Waveland police at the center of gun controversy - WLOX.com - The News for South Mississippi

Waveland police at the center of gun controversy

There are 29 handguns that Waveland police officers say they are being unjustly forced to return. (Photo source: WLOX) There are 29 handguns that Waveland police officers say they are being unjustly forced to return. (Photo source: WLOX)

The weapons Waveland police use to protect themselves and the city’s citizens are the target of controversy. Should police officers have to return guns that were donated to them after Hurricane Katrina?

A city leader says the police force has been caught in the crossfire. There are 29 handguns that Waveland police officers say they are being unjustly forced to return. The 40 caliber Glocks have been deemed misused public property by the State Auditor's Office.

"Since taking office, some of the officers have come to me with letters they have received about these particular weapons, and it troubled them," said Waveland Mayor Mike Smith.

Smith said those letters stated that the guns were donated to the police department by the Glock Corporation in 2005, a month after Hurricane Katrina.

"When Katrina hit, they hung onto a bush for eight hours in front of the police station just to save their own lives. In the process, they lost all of their weapons that they had," explained Smith.

The Waveland Police Department does not issue officers guns. When officers join the force, they are required to purchase their own weapons. That’s why Glock donated the guns to the department.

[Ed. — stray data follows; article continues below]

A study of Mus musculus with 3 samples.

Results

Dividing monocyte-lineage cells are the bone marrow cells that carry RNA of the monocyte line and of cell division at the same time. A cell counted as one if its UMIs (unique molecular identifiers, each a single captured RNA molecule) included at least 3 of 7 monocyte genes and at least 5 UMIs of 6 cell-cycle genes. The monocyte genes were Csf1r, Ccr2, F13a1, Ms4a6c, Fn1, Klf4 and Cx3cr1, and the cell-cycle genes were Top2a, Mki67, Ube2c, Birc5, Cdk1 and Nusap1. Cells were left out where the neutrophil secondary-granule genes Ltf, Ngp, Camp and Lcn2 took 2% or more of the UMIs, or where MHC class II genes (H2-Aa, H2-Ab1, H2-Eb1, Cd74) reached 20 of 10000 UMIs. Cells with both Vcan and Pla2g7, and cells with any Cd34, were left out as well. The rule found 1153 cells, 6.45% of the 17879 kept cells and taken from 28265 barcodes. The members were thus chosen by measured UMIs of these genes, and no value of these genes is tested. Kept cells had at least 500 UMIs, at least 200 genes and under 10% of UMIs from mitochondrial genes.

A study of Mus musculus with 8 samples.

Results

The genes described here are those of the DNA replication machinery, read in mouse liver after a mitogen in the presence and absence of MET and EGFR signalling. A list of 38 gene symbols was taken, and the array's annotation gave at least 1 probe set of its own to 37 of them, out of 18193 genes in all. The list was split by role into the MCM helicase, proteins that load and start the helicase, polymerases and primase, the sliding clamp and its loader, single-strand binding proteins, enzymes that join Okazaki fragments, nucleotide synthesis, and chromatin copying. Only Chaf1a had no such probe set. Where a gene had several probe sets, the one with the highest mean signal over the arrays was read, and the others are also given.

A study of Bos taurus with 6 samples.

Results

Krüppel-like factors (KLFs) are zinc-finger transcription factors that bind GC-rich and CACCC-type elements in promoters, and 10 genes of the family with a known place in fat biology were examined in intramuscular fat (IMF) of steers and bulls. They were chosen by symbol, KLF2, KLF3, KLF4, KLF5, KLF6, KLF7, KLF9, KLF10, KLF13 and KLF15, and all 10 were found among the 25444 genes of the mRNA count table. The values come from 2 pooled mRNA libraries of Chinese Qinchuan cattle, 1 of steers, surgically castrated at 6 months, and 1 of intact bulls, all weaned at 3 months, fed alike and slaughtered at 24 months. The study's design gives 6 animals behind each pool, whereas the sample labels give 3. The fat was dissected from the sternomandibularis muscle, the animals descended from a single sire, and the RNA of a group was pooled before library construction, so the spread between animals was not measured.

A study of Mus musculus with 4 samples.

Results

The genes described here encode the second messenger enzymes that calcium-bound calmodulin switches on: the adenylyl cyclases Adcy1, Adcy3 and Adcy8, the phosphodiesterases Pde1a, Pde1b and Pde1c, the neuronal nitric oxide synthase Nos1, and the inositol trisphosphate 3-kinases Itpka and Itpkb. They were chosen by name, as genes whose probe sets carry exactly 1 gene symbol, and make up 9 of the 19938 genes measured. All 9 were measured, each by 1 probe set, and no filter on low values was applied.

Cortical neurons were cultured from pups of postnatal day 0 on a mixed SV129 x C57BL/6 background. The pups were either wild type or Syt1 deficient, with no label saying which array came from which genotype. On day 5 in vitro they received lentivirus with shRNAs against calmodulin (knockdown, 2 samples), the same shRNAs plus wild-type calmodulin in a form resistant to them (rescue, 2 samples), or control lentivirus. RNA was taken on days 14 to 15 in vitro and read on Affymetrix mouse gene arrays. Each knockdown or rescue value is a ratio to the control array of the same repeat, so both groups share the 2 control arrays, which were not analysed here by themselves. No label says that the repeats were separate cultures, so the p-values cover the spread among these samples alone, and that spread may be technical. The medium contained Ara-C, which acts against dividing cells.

"They were under the assumption it was their gun. When Katrina hit, being that you lost everything you had, there was a lot of people coming in with donated stuff. There was a lot of stuff being giving left and right. If you received anything, it was assumed that it was yours to keep," said Smith.

The State Auditor’s Office says the guns should have been inventoried as city property, issued to the officers and returned to the city when an officer left the department. Nearly 10 years later, the auditor wants all of the guns accounted for, or the officers must pay the city $400.

"Out of those 29 guns, there are only a handful of people that still works there. The rest of them are working somewhere else. Being able to retrieve those guns is very difficult, and if the guns are not returned and if the money is not paid, then those guns will be listed on NCIC as missing weapons or stolen," according to Smith.

He said so far only six of the 29 handguns have been turned in. None of the remaining officers with the department would go on camera about the issue.

Attempts to contact then Police Chief Jimmy Varnell were unsuccessful. Smith said he continues to work with the State Auditor’s Office in hopes of resolving the matter.